City of Greater Bendigo Parks and Natural Reserves manger Simon Harrison said it was the first time the fungus, which can be spread by the movement of soil, plant material, plant and equipment, poor horticultural hygiene practices and movement within the water table, has been discovered in Bendigo.
“This is cause for concern given that Bendigo boasts a significant number of palm species in both public and private gardens dating back to the Goldrush days," he said.
“Palms are part of our rich golden heritage and are a fantastic feature in many of our public parks and private gardens. Some are very old and it would be disappointing to lose these important species from our landscape due to this fungus."
Mr Harrison said council is encouraging all residents to take some time to inspect their palm trees.
“The main symptom that the fungus is present is visible in the decline of the palm fronds," he said.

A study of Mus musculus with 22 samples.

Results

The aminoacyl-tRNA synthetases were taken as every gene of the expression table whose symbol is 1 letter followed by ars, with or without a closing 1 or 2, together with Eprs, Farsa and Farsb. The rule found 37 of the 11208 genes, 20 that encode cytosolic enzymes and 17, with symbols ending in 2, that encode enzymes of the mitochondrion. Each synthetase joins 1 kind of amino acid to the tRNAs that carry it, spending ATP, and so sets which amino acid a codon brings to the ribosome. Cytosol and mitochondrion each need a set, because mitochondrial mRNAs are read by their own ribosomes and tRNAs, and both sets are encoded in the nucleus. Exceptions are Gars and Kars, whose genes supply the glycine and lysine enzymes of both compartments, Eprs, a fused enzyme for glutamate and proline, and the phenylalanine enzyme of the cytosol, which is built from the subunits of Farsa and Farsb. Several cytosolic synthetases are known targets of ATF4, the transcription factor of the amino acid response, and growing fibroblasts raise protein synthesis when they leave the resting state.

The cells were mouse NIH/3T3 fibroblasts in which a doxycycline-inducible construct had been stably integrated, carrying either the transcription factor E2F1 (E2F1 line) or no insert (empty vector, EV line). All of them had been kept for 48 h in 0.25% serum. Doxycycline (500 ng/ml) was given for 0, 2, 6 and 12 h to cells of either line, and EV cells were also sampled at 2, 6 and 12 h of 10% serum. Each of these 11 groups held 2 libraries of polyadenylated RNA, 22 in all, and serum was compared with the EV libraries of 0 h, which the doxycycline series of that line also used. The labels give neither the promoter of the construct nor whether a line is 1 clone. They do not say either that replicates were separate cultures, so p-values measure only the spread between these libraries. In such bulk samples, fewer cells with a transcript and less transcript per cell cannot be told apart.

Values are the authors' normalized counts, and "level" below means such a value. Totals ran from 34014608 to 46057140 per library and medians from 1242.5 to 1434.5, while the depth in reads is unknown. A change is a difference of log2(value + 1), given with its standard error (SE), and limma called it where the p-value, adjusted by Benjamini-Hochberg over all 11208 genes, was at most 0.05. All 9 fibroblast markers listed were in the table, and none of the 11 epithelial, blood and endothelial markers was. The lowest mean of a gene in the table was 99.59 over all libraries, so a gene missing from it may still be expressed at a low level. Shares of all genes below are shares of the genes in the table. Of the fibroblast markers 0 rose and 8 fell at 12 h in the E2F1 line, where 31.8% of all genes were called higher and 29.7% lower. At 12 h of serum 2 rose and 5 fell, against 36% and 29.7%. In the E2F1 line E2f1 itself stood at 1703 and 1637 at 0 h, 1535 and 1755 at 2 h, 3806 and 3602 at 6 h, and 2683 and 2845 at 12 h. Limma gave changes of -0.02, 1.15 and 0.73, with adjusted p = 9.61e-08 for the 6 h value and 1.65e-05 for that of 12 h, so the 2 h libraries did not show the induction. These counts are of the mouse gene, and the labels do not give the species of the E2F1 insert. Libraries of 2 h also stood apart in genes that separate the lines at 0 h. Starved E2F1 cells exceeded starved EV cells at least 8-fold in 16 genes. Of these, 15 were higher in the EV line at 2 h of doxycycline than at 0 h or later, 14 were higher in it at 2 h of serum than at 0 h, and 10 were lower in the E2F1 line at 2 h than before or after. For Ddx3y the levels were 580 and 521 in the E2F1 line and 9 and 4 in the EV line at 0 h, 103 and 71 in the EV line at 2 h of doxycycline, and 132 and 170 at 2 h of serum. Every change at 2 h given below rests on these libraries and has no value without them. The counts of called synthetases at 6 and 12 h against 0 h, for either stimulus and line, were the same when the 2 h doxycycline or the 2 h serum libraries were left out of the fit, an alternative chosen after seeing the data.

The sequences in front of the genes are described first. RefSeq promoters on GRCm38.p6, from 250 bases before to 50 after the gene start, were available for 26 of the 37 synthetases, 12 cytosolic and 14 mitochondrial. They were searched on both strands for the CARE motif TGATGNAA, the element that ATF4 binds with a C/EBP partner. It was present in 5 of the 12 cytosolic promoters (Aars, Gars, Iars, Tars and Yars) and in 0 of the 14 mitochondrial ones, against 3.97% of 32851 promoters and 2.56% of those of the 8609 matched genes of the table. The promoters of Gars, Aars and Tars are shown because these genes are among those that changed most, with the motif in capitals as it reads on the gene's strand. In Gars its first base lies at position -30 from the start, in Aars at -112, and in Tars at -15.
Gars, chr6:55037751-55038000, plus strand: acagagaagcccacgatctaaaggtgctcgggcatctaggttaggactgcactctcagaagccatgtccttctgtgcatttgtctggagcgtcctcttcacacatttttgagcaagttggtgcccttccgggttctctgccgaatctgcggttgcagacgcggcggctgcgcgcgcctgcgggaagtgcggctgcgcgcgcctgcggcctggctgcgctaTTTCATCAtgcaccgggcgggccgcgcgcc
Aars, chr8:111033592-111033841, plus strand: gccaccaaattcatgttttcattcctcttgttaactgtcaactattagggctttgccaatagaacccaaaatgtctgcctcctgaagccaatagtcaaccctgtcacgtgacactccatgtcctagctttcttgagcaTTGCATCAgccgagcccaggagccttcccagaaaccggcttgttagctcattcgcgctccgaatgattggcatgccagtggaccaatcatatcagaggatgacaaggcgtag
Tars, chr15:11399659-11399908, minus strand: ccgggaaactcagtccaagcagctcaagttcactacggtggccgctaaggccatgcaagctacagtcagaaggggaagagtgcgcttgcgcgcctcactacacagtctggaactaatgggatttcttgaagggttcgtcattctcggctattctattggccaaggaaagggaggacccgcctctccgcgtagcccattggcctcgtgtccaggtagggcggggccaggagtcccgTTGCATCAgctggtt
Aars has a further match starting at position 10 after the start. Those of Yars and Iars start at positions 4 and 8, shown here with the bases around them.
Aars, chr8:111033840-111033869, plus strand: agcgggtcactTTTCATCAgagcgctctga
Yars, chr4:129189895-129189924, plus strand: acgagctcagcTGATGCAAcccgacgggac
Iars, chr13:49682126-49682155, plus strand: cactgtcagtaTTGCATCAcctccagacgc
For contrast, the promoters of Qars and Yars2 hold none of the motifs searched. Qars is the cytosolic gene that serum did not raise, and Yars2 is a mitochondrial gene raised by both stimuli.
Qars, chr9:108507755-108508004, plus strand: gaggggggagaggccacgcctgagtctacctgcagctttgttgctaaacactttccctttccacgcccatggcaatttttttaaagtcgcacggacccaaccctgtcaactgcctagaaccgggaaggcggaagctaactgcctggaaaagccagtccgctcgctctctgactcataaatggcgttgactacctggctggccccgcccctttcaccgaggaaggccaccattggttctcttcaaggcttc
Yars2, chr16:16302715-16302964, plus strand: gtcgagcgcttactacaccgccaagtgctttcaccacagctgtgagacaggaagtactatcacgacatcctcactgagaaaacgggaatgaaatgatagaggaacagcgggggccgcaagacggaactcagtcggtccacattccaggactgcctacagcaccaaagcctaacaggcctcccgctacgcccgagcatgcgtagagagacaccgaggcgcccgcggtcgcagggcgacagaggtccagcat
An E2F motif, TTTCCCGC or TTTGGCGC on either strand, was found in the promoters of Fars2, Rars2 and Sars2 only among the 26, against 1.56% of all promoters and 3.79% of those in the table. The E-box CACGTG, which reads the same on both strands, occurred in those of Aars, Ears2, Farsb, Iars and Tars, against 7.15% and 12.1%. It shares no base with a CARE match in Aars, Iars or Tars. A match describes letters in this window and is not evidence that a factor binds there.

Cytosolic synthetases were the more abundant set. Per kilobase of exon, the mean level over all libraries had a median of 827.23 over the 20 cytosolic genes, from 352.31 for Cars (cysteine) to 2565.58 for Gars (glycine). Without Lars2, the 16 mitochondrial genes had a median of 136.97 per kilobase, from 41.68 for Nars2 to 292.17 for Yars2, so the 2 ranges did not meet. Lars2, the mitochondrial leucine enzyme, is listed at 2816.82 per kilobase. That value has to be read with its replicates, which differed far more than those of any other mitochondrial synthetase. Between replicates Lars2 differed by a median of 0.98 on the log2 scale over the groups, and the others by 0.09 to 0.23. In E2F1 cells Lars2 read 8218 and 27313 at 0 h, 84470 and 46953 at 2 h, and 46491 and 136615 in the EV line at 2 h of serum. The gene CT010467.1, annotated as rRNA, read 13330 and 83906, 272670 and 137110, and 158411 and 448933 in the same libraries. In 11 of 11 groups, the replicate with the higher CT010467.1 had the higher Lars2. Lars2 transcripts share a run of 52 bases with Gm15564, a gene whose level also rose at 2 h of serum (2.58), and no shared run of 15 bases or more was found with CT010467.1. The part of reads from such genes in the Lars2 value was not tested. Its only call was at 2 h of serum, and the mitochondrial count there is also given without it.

“Some residents may have noticed a change in the condition of their palm tree over recent months and if this is the case we are suggesting that they either visit the State Government’s Department of Sustainability and Environment website www.dse.vic.gov.au to obtain a fact sheet or contact the DSE Customer Service Centre on 136 186 for further information.
“It is important to identify the disease and dispose of the palm in an appropriate manner to stop the disease from spreading if it is present.
“The council will undertake further testing on the remaining four Washingtonia Palms in the Conservatory Gardens to establish if they are also affected."